Since I turned in a book on the 1st and am almost ready to buckle down to finishing the next one, I have been plotting new stories. This writing business overlaps itself and could make the sanest person’s eye twitch. While I’m working on one story, I need to have one or two others under consideration on an editor’s desk. Also while working on a story, I get edits and author alterations for a previous one. By the time a book is actually in stores, I’ve usually written one or two more, plotted a couple, and worked on cover art information. So, when I have a book on the shelves, I have to go back and remind myself what it’s about to promote it. LOL Or even read it if I’m asked to join a reader’s group for discussion! Don’t laugh.
My friend Bernadette has been my critique partner practically ever since we joined RWA the same year in—confession time—1988. She remembers everything about every story anyone writes and can keep it all straight. I confess, her brain scares me. But then I scare myself. I read or critique for another person and forget what the story was about within a couple of weeks. I justify that by saying I simply have too much on my mind to retain it all. Don’t blow my comfort level by disagreeing.
I am a writer who appreciates a good critique group or partner. I've been in a critique group for all the years that I've been published—and most of those in a group that meets every single week. We go through stages: Levels of productivity, trying out techniques that work, members moving away and, of course, our process of screening a replacement.
It's serious business, this critique group thing. You don't invite anyone who isn't compatible. You have to respect the people who are going to offer comments on your work. For me it has nothing to do with published or unpublished; it has to do with work ethic, knowledge or willingness to learn, and enthusiasm. And another creative brain ain't nothin' to turn up your nose at.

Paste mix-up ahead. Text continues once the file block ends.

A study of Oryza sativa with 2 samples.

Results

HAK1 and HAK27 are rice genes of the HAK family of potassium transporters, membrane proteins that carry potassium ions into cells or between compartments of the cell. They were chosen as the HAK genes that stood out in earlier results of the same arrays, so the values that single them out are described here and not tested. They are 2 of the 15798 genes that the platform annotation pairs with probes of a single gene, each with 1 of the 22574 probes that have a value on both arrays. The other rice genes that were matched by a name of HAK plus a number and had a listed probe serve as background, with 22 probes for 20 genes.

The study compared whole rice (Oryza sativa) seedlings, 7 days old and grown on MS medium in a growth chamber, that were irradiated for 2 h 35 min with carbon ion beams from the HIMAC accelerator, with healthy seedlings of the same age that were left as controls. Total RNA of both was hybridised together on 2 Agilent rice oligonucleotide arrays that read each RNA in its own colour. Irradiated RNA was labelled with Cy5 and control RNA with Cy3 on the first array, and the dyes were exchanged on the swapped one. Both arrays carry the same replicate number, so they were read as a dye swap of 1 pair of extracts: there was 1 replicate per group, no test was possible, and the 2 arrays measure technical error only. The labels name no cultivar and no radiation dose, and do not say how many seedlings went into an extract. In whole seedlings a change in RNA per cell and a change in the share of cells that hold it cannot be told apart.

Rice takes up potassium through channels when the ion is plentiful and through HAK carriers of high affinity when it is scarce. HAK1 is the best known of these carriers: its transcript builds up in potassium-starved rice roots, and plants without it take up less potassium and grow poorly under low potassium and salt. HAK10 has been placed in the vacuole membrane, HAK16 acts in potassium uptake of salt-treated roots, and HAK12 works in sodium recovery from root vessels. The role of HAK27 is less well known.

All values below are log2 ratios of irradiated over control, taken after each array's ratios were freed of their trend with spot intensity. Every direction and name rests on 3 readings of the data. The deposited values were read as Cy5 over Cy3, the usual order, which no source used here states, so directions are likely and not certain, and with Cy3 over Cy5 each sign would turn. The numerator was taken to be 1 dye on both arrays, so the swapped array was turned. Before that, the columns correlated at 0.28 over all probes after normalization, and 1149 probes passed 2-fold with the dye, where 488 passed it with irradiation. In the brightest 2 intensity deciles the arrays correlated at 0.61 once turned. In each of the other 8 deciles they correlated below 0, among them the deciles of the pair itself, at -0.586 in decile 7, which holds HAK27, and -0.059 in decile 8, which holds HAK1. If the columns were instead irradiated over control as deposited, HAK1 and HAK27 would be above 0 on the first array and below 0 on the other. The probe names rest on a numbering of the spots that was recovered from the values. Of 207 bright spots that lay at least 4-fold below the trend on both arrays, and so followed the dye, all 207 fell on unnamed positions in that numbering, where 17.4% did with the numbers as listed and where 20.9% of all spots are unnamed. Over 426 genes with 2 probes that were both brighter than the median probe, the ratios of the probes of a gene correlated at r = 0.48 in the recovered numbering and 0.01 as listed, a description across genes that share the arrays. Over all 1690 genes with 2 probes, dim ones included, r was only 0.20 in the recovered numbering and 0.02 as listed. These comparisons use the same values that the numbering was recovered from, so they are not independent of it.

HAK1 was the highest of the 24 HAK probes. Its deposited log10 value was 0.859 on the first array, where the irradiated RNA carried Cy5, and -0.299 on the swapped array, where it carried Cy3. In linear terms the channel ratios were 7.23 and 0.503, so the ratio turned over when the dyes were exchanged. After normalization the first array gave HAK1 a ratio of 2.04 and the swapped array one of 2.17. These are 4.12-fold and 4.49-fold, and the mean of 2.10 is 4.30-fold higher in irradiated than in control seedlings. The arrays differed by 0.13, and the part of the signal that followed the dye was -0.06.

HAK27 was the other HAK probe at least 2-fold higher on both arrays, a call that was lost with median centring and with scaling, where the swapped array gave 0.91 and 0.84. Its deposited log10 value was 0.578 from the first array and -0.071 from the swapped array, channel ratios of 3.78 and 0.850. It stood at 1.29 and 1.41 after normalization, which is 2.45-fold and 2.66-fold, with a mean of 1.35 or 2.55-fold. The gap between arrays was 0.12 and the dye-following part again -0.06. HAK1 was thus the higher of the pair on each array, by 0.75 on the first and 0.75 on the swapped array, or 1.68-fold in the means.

I love my other brains. They are priceless during the brainstorming process—or when I'm stuck. Sure, I come up with the ideas on my own, and I put the pieces together and make all the decisions and write the story, but I only have one brain and one life experience. Getting feedback from other writers who have different perspectives and who understand the process of story writing makes their contributions invaluable.
Some writers don't like anyone else meddling in their stories—some find it changes their story too much. I go into the process with chosen elements I won't budge on, so the possibility of taking my story a wrong direction isn't a problem for me. I'm flexible about everything else because new perspectives keep me fresh. If a writer in my group makes a suggestion for someone’s story that isn't considered, it's not because the thought was a bad idea; it's just because that idea didn't work for that particular story. There are no wrong ideas. We all understand that and nobody gets her nose out of joint. We often use Pam McCutcheon’s brainstorming cards because they give us themes and traits for a starting point.
These people are my best friends. We share other things besides writing, and when someone moves away, we stay in touch. But we always remember why we are friends. We’re together because we’re writers, and our goal is to help each other write the best stories possible. Thank you to the clever writers who have critiqued with me over the years! If you’re one of them, shout out a HOWDY!